In Which Penn Advises Her Rider
The engine sputtered as Penn came to a stop beside a dry creek bed. I hopped off her worn seat and crouched down. There, among stones smoothed by flowing waters, was an empty wasp nest. I held it in my palm – so fragile, so delicate, like the unveiled human soul trembling in the wind of uncertainty.
My other hand wrapped around a honey-colored pebble, longing to draw from it a portion of its strength, that something it possessed that enabled it to weather cold winters and tumultuous waters.
“Keep ‘em,” a voice behind me purred. “You’ll need ‘em both.”
Lately, I have been thinking how very raw the act of writing and pursuing publication can be. One of the things that has amazed me most, that I had never thought of before I began writing, is how utterly vulnerable a writer makes herself. To write well, one must pour every ounce of emotion onto the page, swirl it around, turn it into something beautiful, and then wait… quite possibly for criticism and rejection. And when criticism and rejection come, so may tears. And I don’t mean, “Boo-hoo. Woe is me,” tears. I mean these things that spring from the depths and come silently, unbidden, unavoidable, and unspeakable.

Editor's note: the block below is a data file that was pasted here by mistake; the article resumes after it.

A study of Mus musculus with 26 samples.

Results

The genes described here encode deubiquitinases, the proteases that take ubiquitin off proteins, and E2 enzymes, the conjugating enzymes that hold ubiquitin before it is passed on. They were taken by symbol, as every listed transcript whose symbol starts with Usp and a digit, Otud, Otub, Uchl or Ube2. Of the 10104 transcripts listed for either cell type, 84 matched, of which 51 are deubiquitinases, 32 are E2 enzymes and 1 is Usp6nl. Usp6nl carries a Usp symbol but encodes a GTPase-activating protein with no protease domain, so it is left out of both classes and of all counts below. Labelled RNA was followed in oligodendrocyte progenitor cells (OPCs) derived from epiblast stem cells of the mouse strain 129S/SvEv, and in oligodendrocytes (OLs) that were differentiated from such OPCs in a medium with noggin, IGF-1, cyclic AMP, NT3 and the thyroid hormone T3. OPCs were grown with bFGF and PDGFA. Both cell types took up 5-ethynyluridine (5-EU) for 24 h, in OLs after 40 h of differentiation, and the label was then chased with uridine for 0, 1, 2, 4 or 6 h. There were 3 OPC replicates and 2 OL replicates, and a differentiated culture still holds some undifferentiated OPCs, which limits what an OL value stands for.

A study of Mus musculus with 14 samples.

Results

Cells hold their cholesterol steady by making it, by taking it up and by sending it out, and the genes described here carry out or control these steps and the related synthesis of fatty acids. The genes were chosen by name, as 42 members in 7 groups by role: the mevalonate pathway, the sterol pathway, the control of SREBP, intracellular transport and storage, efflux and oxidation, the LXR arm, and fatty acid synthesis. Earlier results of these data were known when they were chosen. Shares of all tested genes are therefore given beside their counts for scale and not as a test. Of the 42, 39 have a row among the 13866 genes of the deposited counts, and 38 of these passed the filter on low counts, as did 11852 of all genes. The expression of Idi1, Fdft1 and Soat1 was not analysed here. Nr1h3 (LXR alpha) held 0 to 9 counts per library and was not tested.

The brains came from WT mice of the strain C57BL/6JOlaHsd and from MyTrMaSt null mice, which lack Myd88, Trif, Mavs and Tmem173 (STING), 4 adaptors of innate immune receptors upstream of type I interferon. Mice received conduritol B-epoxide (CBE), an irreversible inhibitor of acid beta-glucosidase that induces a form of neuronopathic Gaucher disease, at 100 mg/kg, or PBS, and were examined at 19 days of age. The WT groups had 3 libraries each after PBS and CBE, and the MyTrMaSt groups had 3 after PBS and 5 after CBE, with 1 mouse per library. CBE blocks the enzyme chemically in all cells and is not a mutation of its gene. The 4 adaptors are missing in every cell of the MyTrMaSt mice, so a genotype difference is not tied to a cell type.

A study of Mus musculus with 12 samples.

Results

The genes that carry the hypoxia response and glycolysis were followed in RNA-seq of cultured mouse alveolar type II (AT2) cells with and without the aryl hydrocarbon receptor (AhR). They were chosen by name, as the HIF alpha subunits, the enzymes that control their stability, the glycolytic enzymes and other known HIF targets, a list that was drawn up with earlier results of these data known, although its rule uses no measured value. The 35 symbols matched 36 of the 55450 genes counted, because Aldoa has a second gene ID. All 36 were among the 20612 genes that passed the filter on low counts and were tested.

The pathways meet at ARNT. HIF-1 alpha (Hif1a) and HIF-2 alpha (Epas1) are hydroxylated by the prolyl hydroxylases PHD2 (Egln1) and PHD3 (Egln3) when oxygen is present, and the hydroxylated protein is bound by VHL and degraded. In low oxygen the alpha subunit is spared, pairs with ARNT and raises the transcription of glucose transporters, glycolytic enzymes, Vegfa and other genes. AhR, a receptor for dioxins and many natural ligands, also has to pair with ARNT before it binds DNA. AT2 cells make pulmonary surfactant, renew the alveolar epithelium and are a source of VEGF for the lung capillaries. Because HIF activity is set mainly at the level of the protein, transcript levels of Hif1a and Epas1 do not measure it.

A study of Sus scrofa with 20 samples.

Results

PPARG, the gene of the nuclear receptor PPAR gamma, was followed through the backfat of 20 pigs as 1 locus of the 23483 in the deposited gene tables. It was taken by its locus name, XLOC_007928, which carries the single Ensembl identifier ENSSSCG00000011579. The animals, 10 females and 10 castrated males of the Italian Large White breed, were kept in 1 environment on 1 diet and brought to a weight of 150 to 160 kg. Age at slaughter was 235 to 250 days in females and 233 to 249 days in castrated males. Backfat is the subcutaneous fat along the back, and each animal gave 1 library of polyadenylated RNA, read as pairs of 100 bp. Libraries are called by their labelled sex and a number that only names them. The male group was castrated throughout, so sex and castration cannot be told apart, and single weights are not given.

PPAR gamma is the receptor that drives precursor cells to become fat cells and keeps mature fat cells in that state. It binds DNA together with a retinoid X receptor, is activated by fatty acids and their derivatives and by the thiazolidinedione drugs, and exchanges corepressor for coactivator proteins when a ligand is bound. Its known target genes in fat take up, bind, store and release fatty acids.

But there is this other thing that has amazed me as much as, if not more than the soul-gaping vulnerability, and that is strength. One cannot be a wimp when it comes to writing, but must see beyond the tears to the truth, and then find the strength to make oneself and one’s writing that much better.
When I saw Janet’s beautiful photo this morning, I saw the dual natures of a writer. The vulnerability of the soul on paper, waiting either to be cradled or to be discarded, sits beside the strength of character that resolves not to shy away when the winters come or the waters flow.
Vulnerability and strength.
Keep ’em, friends. If you’re going to write, you’ll need ’em both.